2 years ago

Wheat production fall raises food security concerns


The gaping imbalance has been created in a decade, evidently as wheat consumption has increased hugely with food-habit change and population growth while cultivation acreage has shrunk.

Output of the grain was recorded at 1.08 million tonnes in FY'21 in a fall from 1.30 million tonnes in FY'14, according to Bangladesh Bureau of Statistics (BBS) data.

Imports increased to 6.0-7.0 million tones, worth US $ 1.4 billion to $ 2.0 billion, in recent years, according to official statistics.

However, the wheat output has stagnated in-between 1.0 and 1.08 million tonnes for last five years, says the government's statistical agency.

"Wheat area and production have gradually been decreasing as farmers are switching to alternative crops that provide higher economic returns, such as maize, potato, vegetables or Boro rice," says chairman of Agrarian Research Foundation, Bangladesh (ARF) Prof M A Hamid.

He noted that the fungal disease (wheat blast) that deals a heavy blow in several districts in-between FY'15 and FY'17 also created a fear among farmers about cultivation of the crop.

"Though the intensity of the disease has declined significantly in recent years, farmers are still not interested," he says.

The agriculture researcher adds: "The wheat land has shrunk to just 0.3 million hectares in recent years from 0.46 million hectares a decade back. The agriculture ministry will have to fix a strategic target for wheat production."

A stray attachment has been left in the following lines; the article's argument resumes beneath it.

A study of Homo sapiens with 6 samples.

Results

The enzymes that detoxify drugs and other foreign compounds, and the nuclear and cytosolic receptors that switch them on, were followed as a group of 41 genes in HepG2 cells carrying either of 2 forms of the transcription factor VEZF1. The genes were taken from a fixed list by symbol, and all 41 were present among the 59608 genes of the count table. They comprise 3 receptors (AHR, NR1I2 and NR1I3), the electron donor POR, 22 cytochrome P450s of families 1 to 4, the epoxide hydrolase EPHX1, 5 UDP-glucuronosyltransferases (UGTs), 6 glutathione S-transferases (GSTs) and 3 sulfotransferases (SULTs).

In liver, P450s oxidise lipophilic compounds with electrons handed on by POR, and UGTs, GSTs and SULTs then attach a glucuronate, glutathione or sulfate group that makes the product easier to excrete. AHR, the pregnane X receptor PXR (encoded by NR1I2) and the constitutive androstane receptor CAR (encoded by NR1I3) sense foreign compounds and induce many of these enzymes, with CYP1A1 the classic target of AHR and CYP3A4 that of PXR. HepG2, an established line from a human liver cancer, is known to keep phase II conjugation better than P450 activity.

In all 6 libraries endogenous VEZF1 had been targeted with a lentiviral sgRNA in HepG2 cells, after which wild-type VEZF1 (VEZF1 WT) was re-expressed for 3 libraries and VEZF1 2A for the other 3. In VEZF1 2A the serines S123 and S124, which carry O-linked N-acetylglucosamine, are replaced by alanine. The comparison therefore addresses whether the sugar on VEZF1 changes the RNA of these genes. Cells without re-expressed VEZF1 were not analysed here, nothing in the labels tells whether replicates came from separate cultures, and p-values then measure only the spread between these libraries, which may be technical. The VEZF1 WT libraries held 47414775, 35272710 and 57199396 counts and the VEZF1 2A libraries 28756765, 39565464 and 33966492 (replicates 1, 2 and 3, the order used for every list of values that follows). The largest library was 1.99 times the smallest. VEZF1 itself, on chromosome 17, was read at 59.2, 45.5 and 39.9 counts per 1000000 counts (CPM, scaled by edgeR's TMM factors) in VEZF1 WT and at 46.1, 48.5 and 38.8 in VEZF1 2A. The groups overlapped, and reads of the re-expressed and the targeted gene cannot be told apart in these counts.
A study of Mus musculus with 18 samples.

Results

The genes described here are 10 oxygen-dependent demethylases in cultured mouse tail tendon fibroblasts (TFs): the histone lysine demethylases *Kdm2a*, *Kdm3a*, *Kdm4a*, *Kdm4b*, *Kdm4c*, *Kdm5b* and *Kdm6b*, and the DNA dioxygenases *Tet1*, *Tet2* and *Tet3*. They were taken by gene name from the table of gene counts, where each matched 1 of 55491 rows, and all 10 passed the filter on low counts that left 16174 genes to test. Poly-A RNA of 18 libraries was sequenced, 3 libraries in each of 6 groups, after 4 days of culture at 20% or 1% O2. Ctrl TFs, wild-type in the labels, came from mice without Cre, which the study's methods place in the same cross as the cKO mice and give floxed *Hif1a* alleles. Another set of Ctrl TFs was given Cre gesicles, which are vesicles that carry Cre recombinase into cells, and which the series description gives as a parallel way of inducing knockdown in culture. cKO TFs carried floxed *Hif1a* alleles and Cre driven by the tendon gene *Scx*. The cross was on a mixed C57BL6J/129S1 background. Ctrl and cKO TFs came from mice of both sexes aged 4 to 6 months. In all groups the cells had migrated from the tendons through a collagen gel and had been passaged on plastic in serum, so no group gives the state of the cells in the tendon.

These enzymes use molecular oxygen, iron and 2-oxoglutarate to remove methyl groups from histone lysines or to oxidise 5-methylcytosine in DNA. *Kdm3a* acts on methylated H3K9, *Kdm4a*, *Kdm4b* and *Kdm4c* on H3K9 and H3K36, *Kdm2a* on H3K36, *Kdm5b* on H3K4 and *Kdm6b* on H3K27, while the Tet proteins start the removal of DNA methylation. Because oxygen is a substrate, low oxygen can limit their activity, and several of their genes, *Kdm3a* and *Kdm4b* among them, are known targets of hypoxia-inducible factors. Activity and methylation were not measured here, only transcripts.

Farm economist Dr Md Akteruzzaman says policy should be made to raise wheat-farming area to its previous stage in next few years, and then lifting up output further could be thought of.

Government agency concerns, especially the Wheat and Maize Research Centre (BWMRI), Bangladesh Agricultural Research Institute (BARI), along with local extension officials will have to work intensely with farmers to boost wheat production, he adds.

He noted that the southern regions have enough land where target should be fixed to bring at least 0.5 million hectares of land for wheat farming by adopting salinity-tolerant crop.

He mentions that the recent global wheat price surpassed $325 a tonne to hit a ten-year high, which also put severe impact on the local market as the recent prices of wheat products are 25-to 40-per cent higher than that of a year ago.

The hike hurts the consumers--at this time of phenomenal price rises locally and globally, due in part to production and supply-chain disruptions caused by the coronavirus pandemic.

Economist and value-chain expert Prof Golam Hafeez Kennedy forecasts demand for wheat would surpass 10 million tonnes within next five years following the current food-habit trend as well as the rising wheat-made products.

He says the government should set a specific wheat-production strategy to minimise its import costs following the food-security perspective of the country.

Exports of wheat-made products, which now account for $280 million, should be maximised further to make a good return.

BWMRI director-general Dr Golam Faruq says the Institute, along with the Department of Agriculture Extension (DAE) and other development partners, is working with farmers to encourage them for wheat farming.

Free fertiliser, quality seed and training have been provided to farmers through 2500 demonstrations.

His organisation has also provided above 0.3 million factsheets to farmers so that they could take precautions and initiatives to prevent the blight of blast.

He further says organisation like the International Maize and Wheat Improvement Center (CIMMYT) has also helped in distributing 12,000 tonnes of quality wheat seeds to farmers free of cost.

According to the food ministry, the country imported 6.7 million tonnes of wheat worth $1.44 billion in FY'20 as against 3.1 million tonnes in FY'14.